Cyproheptadine for Cats

Cat sitting on scratching post
Brachycephalic cat breeds are more likely to have a cherry eye.


Knowing why cyproheptadine may be recommended can help you provide a better level of care to your cat as well as understand what they are being treated for.

What Does Cyproheptadine for Cats Do?

Cyproheptadine is a generic prescription medication that goes by many brand names including Ciplactin®, Cyheptine®, Cyprogin®, Cyprono®, Cyprosian®, Klarivitina®, Nuran®, Periactine®, Periactinol®, Periatin®, Peritol®, Polytab®, Practin®, Preptin®, Supersan®, and Trimetabol®. It can come as either a 0.4 mg/mL syrup or in a 4 mg oral tablet form. It is usually recommended to give for at least two to three days before the full effects are achieved.

Cyproheptadine is an antihistamine, much like cetirizine or loratadine, that works by blocking a histamine receptor in the body called H1. When blocking this histamine receptor, cyproheptadine helps suppress inflammation in the body and subsequently the urge to itch.

At the same time, cyproheptadine also obstructs a neurotransmitter called serotonin by blocking the 5HT2 receptor subtype. When serotonin is decreased, the body thinks it is hungry and signals the cat to start eating.

Like many medications, this drug is metabolized in the body through the liver and will be excreted through the kidneys and eventually the urine.

Diseases Cyproheptadine Can Treat in Cats

Cyproheptadine is most often used in cats as an appetite stimulant. If cats are sick, stressed, hospitalized, or uncomfortable, they often refuse to eat. This can be a life-threatening problem and causes a cat to run the risk of developing fatty liver disease and not receive the nutrition it needs to heal. Cyproheptadine is commonly given to these cats to entice them to want to eat and therefore decrease the likelihood of these other complications from developing.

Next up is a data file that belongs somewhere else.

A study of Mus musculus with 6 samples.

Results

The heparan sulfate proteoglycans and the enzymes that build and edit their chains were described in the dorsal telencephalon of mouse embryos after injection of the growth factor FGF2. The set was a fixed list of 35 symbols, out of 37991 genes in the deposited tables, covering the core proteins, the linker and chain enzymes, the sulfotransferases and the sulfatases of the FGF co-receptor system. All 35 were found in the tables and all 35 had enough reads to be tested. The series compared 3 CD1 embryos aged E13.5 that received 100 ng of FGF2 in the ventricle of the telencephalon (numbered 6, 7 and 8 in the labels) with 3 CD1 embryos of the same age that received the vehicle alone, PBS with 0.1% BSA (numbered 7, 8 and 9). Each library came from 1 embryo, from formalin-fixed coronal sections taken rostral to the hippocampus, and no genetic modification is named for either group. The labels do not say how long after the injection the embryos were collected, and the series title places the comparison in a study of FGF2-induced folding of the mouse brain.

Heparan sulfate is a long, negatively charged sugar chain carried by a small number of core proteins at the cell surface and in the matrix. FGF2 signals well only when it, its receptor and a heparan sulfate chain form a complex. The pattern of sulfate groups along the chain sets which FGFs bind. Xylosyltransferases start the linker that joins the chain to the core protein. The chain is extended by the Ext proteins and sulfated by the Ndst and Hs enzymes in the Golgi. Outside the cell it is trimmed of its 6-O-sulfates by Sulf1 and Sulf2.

Other diseases that cyproheptadine may be used to treat in cats include itching and inflammation associated with allergies, toxicities, inappropriate urine spraying in the house, asthma, and serotonin syndrome. In dogs and horses, it may be used to treat other conditions.

Side Effects of Cyproheptadine Use

Cyproheptadine is generally considered safe and can be given with or without food, but it can occasionally have unwanted side effects. These side effects can include:

  • Sedation
  • Urine retention or difficulty urinating
  • Increased eye pressure in cats predisposed to glaucoma
  • Dry mouth
  • Increased heart rate
  • Increased body temperature
  • Excitation
  • Vomiting
  • Diarrhea
  • Decreased appetite due to vomiting or diarrhea

If a cat consumes too much cyproheptadine, seizures, drowsiness, extreme dry mouth, and excitement may occur. You should contact your veterinarian if you feel your cat is experiencing any side effects of this medication.

Considerations Before Using Cyproheptadine in Cats

Cyproheptadine is not a good appetite stimulant for all cats. Some cats that are on other medications or have specific conditions should not take this drug. If a cat is taking a sedative, the sedation effects may be greater when cyproheptadine is administered and it can interfere with medications that may help with anxiety, such as fluoxetine.

Cyproheptadine may also decrease the effectiveness of some pain medications, like tramadol, and should not be given to nursing queens as it can interfere with their production of milk. Cats that are at risk for developing, or that have glaucoma should avoid taking cyproheptadine as well.

Finally, cats that are recovering from or that recently had a urinary blockage, have been diagnosed with a seizure disorder, or that are in heart failure should not be given cyproheptadine.

Storage of Cyproheptadine

This tablet form of this medication should be stored at room temperature and away from light. Special colored pill vials are often used if you receive this drug from your cat's veterinarian. Cyproheptadine should be kept in these vials or the original packaging from the manufacturer to ensure the stability of the product is not negatively affected. Syrup forms can be refrigerated, but they can often stay at room temperature as well.

If you suspect your cat is sick, call your vet immediately. For health-related questions, always consult your veterinarian, as they have examined your cat, know their health history, and can make the best recommendations for them.